Liar Liar --- How to Tell When Someone Is
Lying

March 18, 2008, last updated June 23, 2012

By Sara Ott, Associate Editor and Featured Columnist




By studying large groups of participants, researchers have
identified certain general behaviors that liars are more likely
to exhibit than people telling the truth. Liars tend to move
their arms, hands, and fingers less.  Liars also blink less than
truth-tellers do, and liars' voices can become more tense or
high-pitched.

Liars also speak with more pauses probably because of the
added mental effort they expend trying to remember what
they've already said and to keep their stories consistent.

Finally, liars have speech that is too "perfect".  People are
not tape recorders. Our memories are imperfect.  Normally,
when people trying to recall the truth, they make minor
mistakes in memory -- they often need to circle back, fill in
details they have forgotten. But liars are different. They
sound like tape recorders. Every detail is remembered. And
every detail is recited in perfect chronological order.  Liars
make fewer speech errors than those telling the truth, and
they rarely backtrack to fill in forgotten or incorrect details.

"Their stories are too good to be true," says Bella DePaulo of
the University of California, Santa Barbara, who has written
several reviews of the field of deception research.


Make Them Tell  It Backwards


Most good liars, contrary to popular opinion, do look you in
the eye. Most good liars are better at reading us than we are
at reading them. They know that we  expect them to shift
their eyes. So they discipline themselves over many years to
look you dead in the eye. But researchers from the
University of Portsmouth claim they have found a way to trip
up even expert liars.  They claim that the best way to spot a
lie is to make someone repeat his or her version of events in
reverse order.

In a £136,000 ($272,000) project, the researchers worked
on the theory that it takes more effort to make up a story
than it does to tell the truth. A subject asked to repeat a
concocted series of events in reverse order would be under
too much of a strain, they claimed, and would make mistakes.

Researchers asked 290 police officers to examine the
interviews of 255 students who were given true and false
details to use in their answers.

Traditional police interview methods were used in the study,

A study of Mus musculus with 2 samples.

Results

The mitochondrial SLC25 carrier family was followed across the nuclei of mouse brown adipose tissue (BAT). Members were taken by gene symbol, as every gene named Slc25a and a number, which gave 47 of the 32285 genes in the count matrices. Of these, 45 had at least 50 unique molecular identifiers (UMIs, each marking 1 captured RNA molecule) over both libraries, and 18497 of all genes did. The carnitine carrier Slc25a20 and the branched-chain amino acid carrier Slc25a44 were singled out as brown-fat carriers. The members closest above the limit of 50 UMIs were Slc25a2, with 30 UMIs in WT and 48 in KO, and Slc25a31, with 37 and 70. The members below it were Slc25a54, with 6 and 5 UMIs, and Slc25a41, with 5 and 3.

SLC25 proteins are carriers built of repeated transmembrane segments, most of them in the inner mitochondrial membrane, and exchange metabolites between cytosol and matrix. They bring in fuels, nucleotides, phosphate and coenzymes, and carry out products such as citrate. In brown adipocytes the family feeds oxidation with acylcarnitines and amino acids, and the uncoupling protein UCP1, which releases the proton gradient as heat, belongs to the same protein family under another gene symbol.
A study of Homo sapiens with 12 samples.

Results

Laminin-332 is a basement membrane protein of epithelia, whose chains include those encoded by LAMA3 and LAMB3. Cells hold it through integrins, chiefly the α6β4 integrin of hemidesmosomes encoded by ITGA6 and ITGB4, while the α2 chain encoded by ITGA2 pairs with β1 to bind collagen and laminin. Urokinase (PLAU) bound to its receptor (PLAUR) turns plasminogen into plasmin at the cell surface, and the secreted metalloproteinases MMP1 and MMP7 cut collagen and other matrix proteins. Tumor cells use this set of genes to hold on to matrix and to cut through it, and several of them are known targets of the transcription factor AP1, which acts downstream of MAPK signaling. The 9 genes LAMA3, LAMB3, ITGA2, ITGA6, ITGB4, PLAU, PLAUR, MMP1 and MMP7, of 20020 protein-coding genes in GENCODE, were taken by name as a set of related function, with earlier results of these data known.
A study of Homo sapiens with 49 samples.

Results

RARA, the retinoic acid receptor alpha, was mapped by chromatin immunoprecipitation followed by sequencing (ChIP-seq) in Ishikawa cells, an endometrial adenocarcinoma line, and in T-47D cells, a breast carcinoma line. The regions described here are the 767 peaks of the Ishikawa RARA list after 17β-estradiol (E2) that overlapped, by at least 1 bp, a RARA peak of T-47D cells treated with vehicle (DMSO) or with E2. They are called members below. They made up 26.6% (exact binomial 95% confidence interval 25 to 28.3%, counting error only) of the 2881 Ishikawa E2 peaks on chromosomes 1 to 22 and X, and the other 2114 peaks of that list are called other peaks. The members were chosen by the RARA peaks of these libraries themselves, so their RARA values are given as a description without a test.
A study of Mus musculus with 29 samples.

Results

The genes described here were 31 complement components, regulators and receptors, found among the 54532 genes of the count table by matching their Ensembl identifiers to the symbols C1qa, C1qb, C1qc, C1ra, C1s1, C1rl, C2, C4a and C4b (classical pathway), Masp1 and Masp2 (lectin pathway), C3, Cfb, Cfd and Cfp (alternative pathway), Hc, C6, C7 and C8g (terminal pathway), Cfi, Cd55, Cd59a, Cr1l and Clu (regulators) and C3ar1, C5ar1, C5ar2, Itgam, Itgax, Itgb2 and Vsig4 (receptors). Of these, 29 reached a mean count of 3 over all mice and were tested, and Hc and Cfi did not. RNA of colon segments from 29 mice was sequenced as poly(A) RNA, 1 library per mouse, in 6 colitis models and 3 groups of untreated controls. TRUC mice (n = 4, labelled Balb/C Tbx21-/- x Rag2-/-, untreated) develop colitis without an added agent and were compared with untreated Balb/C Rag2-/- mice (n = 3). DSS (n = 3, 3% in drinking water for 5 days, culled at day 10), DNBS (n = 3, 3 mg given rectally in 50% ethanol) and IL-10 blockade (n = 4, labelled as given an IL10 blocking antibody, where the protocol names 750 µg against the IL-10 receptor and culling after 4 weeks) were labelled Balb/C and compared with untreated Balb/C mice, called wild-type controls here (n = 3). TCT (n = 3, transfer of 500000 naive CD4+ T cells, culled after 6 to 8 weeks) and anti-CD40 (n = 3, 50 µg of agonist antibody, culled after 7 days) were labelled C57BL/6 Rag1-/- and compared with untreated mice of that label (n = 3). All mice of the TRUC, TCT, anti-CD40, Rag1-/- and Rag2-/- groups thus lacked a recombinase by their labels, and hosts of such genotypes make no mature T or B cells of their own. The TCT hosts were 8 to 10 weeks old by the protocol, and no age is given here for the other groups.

and in those that employed the reverse order tactics –
described as “cognitive load interviews” – the interviewer
asked the suspects to recall a series of events from the most
recent backwards.

Officers were less likely to detect the liars when traditional
methods were used in the interviews but were more likely to
detect lies when the subjects were asked them to recall
events in a reverse order.

The researchers believe that serial criminals are so well
versed in police interviews that they know how to dodge the
psychological tricks. But the reverse order method imposes
an additional mental stress on liars.

Professor Aldert Vrij, one of the researchers, said: “Those
[police officers] paying attention to visual cues proved
significantly worse at distinguishing liars from those telling
the truth than those looking for speech-related cues.

Here, in summary, and based on all the current research are
the 5 Best Tell-tale signs of a liar:



























1.  Watch the Eyebrows. Eyebrows coming together and
other micro-expressions such as flutters in the facial muscles
--tics-- indicate possible deception.  Since the involuntary
muscles which produce flutters and other micro-expressions
are outside liars' control, train your self to see when one
part of the face does not match what is going on in another
part of the face or do not match the words being spoken.
Here's an example. Ever seen a person smile at you with
their mouth but their eyes are as cold as fish?  That's a clue
of insincerity. Or notice that they stop moving their face and
neck, staying still and unanimated. That's a clue that they are
trying to remember what they are saying.  It helps if you
move around as they are talking, making it even harder for
them to manage their faces and match their voices are they
also try to remember what they are saying.

2.
Listen to the Voice.  Forget what you are seeing. Train
yourself to listen to pauses, changes in pitch as you watch
what they are saying.

3.
Tell It In Reverse.  Interrupt someone you suspect is
lying--can I get you something to drink, water?"-- and ask
them to tell you what happened "at the end". Then casually,
ask them, "and what happened just before that?". In other
words, try to get them to walk backwards, telling the story
in reverse. Watch their reaction. People telling the truth
won't get flustered. Liars do, because they will have trouble
keeping track of invented details, which they have
memorized in forward order only.

4.
Forget the Eyes. The old adage that liars can't look you in
the eyes is false. Liars almost always look you in the eyes.

5.
 Watch Out for Perfect Speech. Liars are good talkers.
They know how to tell a story --perfectly-- each time. Ever
notice how many politicians can recite a speech the same
way each time, never missing a beat, even pausing for effect
at the exact time, time after time. Not to say they are all liars
but the skill of repeating a story exactly the same each time
is one of the main ways to spot a liar.